Home healthcare services in Taiwan: a nationwide study among the older population
1 Department of Family Medicine, Taipei Veterans General Hospital, No. 201, Sec. 2, Shipai Rd., Beitou Dist., Taipei City, 11217, Taiwan
2 Center for Geriatrics and Gerontology, Taipei Veterans General Hospital, No. 201, Sec. 2, Shipai Rd., Beitou Dist., Taipei City, 11217, Taiwan
3 National Yang-Ming University, School of Medicine, No. 155, Sec. 2, Linong St., Taipei City, 11221, Taiwan
4 Shih Chien University, College of Management, No.70, Dazhi St., Taipei City, 10462, Taiwan
5 Taipei Veterans General Hospital Home Care Institute, No. 201, Sec. 2, Shipai Rd., Taipei City, 11217, Taiwan
BMC Health Services Research 2010, 10:274 doi:10.1186/1472-6963-10-274Published: 21 September 2010
Home healthcare services are important in aging societies worldwide. The present nationwide study of health insurance data examined the utilization and delivery patterns, including diagnostic indications, for home healthcare services used by seniors in Taiwan.
Patients ≥65 years of age who received home healthcare services during 2004 under the Taiwanese National Health Insurance Program were identified and reimbursement claims were analyzed. Age, gender, disease diagnoses, distribution of facilities providing home healthcare services, and patterns of professional visits, including physician and skilled nursing visits, were also explored.
Among 2,104,978 beneficiaries ≥65 years of age, 19,483 (0.9%) patients received 127,753 home healthcare visits during 2004 with a mean number of 6.0 ± 4.8 visits per person. The highest prevalence of home healthcare services was in the 75-84 year age group in both sexes. Females received more home healthcare services than males in all age groups. Cerebrovascular disease was the most frequent diagnosis in these patients (50.7%). More than half of home healthcare visits and around half of the professional home visits were provided by community home nursing care institutions. The majority of the home skilled nursing services were tube replacements, including nasogastric tubes, Foley catheter, tracheostomy, nephrostomy or cystostomy tubes (95%).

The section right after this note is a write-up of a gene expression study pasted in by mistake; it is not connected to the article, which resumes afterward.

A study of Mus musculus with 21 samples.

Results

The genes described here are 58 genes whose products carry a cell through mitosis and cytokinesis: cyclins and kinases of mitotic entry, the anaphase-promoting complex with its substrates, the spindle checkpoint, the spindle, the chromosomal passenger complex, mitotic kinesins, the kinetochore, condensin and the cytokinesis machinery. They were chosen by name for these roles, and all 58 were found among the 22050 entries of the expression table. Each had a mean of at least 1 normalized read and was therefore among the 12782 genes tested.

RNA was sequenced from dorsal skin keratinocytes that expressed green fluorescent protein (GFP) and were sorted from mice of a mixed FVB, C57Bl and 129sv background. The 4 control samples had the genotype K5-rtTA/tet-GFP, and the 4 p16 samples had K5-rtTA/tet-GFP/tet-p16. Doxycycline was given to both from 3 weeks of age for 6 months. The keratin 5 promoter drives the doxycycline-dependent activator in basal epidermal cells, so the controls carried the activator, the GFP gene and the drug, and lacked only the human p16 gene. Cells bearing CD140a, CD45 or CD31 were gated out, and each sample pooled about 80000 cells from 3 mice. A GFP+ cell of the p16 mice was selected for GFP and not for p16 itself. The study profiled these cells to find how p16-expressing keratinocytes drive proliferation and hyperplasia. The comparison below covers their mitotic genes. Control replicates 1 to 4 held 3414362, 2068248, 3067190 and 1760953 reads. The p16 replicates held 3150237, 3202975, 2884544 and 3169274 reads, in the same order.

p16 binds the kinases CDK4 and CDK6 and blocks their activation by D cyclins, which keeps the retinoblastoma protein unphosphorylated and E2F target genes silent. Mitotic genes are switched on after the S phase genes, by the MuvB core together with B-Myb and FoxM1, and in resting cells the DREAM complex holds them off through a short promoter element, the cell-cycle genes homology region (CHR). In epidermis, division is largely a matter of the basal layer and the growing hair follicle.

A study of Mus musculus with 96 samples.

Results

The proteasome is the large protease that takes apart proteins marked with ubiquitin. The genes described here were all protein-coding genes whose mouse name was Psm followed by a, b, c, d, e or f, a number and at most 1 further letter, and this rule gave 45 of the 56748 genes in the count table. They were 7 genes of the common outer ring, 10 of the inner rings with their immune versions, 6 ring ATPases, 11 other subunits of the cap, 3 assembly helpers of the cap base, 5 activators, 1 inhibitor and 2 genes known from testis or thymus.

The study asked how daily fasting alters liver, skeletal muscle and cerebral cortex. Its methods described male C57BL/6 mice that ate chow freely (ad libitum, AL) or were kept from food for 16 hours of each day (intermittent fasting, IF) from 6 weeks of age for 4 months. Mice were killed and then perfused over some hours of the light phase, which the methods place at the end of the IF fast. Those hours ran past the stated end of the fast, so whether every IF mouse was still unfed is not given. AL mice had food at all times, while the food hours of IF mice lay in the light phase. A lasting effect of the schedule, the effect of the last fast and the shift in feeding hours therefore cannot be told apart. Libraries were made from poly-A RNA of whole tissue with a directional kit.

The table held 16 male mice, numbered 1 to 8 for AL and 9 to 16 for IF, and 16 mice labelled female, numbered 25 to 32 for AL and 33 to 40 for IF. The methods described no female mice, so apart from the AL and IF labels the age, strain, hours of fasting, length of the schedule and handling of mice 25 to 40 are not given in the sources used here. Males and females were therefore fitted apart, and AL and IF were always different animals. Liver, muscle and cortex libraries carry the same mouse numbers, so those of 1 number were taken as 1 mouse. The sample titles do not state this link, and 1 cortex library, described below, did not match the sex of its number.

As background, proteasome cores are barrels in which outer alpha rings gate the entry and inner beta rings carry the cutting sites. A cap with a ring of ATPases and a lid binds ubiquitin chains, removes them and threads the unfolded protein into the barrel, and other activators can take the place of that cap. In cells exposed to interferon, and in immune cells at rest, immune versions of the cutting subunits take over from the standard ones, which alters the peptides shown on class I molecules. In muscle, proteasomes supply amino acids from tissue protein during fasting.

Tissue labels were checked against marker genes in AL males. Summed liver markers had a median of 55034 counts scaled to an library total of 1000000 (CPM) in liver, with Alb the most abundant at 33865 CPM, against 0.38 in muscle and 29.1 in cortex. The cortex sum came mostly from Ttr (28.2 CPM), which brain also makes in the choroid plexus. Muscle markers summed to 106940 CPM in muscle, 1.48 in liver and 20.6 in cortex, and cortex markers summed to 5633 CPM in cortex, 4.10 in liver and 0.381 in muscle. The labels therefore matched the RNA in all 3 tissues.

Nine out of 1,000 older patients in Taiwan received home healthcare services during 2004, which was much lower than the rate of disabled older people in Taiwan. Females used home healthcare services more frequently than males and the majority of skilled nursing services were tube replacements. The rate of tube replacement of home healthcare patients in Taiwan deserves to be paid more attention.